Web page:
The radical Republicans have been waiting years for this day. They've managed to get the very idea of government argued before the Supreme Court. It's part of their effort to tear down President Obama and the new health care law and take away benefits and consumer protections that are already changing the lives of millions of Americans.
On Monday the Supreme Court begins three days of oral arguments about Obamacare leading up to what may be among the most consequential high court decisions in 100 years. Among the legal issues are the limits on Congress's authority to regulate economic matters, including the health insurance market (which represents 17% of the economy), and whether Congress can put conditions on the money it gives to states, like the health law's provision expanding Medicaid eligibility so more low-income families can get health care.
The court's decision could limit the ability of Congress to act in any meaningful way to address the full range of national problems with national solutions. These broader issues are embedded within the question of whether we want to give our health care back to the insurance companies. The Republicans, who released a proposed budget last week that would decimate Medicaid and end Medicare as we know it to give millionaires and billionaires an average tax break of $150,000, say yes. They want to put the insurance companies back in the driver's seat.
The GOP and their corporate sponsors have been opposed to this law from day one. Despite the "repeal and replace" mantra, the Republicans in Congress have yet to offer an alternative. The only thing they're "for" is being against Obamacare and the good things it does and the people it's already helping.
One of those people is Spike Dolomite Ward, who learned about Obamacare when she was diagnosed with Stage 3 breast cancer. She was uninsured and had no way to pay for life-saving treatments. She was out of options until she learned about the Pre-Existing Condition Insurance Plan established by Obamacare. It's not a government handout. She pays a monthly premium like any other health insurance customer. But now she's getting medical care that she would not be able to afford - and that insurance companies would refuse to sell her - without the new law.
Spike first told her story in the Los Angeles Times and you can see her in a new video. She has come to Washington, D.C., this week to talk about how Obamacare is literally saving her life. She'll be joined by other seniors, women, and families who are speaking up to make sure the voices of regular people don't get lost in the legal and political noise of this case and the chants against the law by the throngs of opponents who are sure to crowd the court.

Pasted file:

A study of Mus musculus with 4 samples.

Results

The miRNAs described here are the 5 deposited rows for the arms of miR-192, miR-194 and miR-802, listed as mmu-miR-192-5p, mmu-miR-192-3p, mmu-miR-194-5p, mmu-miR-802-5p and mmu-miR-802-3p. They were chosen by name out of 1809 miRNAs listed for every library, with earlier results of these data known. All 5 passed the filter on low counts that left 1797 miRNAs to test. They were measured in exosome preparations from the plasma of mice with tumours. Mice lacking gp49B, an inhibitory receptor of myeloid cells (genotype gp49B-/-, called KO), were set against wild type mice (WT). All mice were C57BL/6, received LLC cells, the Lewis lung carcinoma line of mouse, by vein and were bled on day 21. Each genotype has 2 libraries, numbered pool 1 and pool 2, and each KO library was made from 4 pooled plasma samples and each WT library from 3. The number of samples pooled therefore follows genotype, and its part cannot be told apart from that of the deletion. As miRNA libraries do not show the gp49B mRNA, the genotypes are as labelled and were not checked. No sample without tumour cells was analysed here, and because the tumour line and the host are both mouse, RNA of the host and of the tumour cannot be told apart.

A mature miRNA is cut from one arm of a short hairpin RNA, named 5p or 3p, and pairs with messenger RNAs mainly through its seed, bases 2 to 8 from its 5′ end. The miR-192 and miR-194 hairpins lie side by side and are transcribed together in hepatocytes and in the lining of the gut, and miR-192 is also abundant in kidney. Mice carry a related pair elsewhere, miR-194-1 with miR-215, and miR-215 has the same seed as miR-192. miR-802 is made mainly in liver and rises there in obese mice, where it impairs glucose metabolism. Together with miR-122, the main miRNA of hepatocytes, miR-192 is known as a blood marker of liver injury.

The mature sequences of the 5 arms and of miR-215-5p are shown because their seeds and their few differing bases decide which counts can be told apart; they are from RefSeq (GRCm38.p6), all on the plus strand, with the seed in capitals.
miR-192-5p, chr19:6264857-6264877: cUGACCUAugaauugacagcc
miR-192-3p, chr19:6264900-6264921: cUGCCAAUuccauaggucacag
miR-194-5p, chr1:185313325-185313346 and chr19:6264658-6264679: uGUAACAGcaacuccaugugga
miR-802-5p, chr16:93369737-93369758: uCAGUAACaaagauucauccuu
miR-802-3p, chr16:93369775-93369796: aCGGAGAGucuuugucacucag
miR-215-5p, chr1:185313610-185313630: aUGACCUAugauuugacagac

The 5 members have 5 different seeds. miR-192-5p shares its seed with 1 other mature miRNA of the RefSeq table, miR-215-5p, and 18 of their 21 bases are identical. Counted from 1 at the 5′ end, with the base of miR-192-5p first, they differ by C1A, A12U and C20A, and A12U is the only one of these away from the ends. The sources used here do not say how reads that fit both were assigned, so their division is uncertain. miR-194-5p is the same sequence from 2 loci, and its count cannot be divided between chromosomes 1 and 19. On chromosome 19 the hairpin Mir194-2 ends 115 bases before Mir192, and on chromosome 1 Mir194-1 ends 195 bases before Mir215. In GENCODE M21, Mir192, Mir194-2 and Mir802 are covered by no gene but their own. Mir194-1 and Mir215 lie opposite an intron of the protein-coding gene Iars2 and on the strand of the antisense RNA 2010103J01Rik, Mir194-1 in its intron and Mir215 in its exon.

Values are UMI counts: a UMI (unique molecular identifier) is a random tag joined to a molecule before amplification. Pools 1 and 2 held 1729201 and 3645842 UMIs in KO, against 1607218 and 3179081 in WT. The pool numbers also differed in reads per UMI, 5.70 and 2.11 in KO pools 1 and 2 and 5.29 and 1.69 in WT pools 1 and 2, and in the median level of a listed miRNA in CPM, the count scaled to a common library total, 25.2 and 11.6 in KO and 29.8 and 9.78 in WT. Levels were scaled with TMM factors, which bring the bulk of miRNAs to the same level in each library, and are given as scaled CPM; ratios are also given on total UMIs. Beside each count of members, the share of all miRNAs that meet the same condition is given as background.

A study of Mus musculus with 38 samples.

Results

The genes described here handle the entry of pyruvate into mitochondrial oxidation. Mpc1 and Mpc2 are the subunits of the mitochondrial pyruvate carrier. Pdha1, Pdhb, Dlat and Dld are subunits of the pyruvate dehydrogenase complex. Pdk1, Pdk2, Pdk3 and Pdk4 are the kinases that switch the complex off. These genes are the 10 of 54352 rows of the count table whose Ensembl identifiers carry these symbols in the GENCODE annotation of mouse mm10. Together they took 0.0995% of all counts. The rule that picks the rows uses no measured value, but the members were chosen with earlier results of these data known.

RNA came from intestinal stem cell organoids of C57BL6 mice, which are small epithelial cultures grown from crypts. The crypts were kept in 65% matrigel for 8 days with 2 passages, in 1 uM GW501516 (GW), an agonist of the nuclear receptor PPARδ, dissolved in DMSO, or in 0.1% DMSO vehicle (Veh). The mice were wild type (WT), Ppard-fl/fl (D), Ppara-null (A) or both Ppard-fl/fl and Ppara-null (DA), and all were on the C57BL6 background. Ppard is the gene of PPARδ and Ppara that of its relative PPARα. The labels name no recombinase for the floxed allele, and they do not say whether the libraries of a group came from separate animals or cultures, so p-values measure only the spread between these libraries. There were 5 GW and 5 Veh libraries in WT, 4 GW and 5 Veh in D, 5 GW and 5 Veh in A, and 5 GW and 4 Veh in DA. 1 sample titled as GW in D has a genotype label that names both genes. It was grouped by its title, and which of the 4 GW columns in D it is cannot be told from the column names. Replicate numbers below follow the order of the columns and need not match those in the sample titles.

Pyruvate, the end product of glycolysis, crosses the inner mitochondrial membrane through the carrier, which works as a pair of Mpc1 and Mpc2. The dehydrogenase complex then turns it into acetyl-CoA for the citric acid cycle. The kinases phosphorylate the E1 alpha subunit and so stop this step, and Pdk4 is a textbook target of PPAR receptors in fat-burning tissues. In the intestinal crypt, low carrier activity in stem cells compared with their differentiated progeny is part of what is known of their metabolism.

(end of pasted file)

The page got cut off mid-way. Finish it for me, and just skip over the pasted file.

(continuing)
The stories of Spike and others are about how Obamacare is bringing health security and peace of mind to millions of Americans. Just last week the Department of Health and Human Services announced that 5 million seniors have saved $3.2 billion in prescription drug costs. That's a big deal for people on fixed incomes, and it's a benefit that would be taken away if the Republicans get their way and get rid of the law.
Thanks to Obamacare, 2.5 million young adults are getting coverage because they can stay on their parents' insurance plans. Preventive health services are now provided without a co-pay in all new insurance plans. The days of lifetime limits on coverage are over. Small businesses have access to job-creating tax credits to purchase insurance for their workers. Insurance companies can no longer jack up our rates whenever they please, and they have to give consumers rebates if they spend too much of our premium dollars on administration, profits and bloated CEO salaries.
The argument this week at the Supreme Court is about more than one law. It's about what kind of country we want to live in. Do we want a government that brings us together to achieve things we can't do on our own, or do we want everyone to fend for themselves at the mercy of the so-called free market?
Mary Brown was a lead plaintiff in the lawsuit against the health care law, a challenge that argues Obamacare goes too far and the free market works just fine. Sadly, since the lawsuit was filed, the small business owned by Mary and her husband has failed and they've declared bankruptcy, in part because of medical bills. The Browns' story demonstrates what it looks like to have the freedom to go bankrupt because of health care. That's what Obamacare will change. Once it's fully implemented in 2014, people like the Browns won't get crushed by health care costs because they'll have affordable insurance, even if they don't like the law.
So the Browns and Spike Dolomite Ward have something in common -- they both need Obamacare. We all do.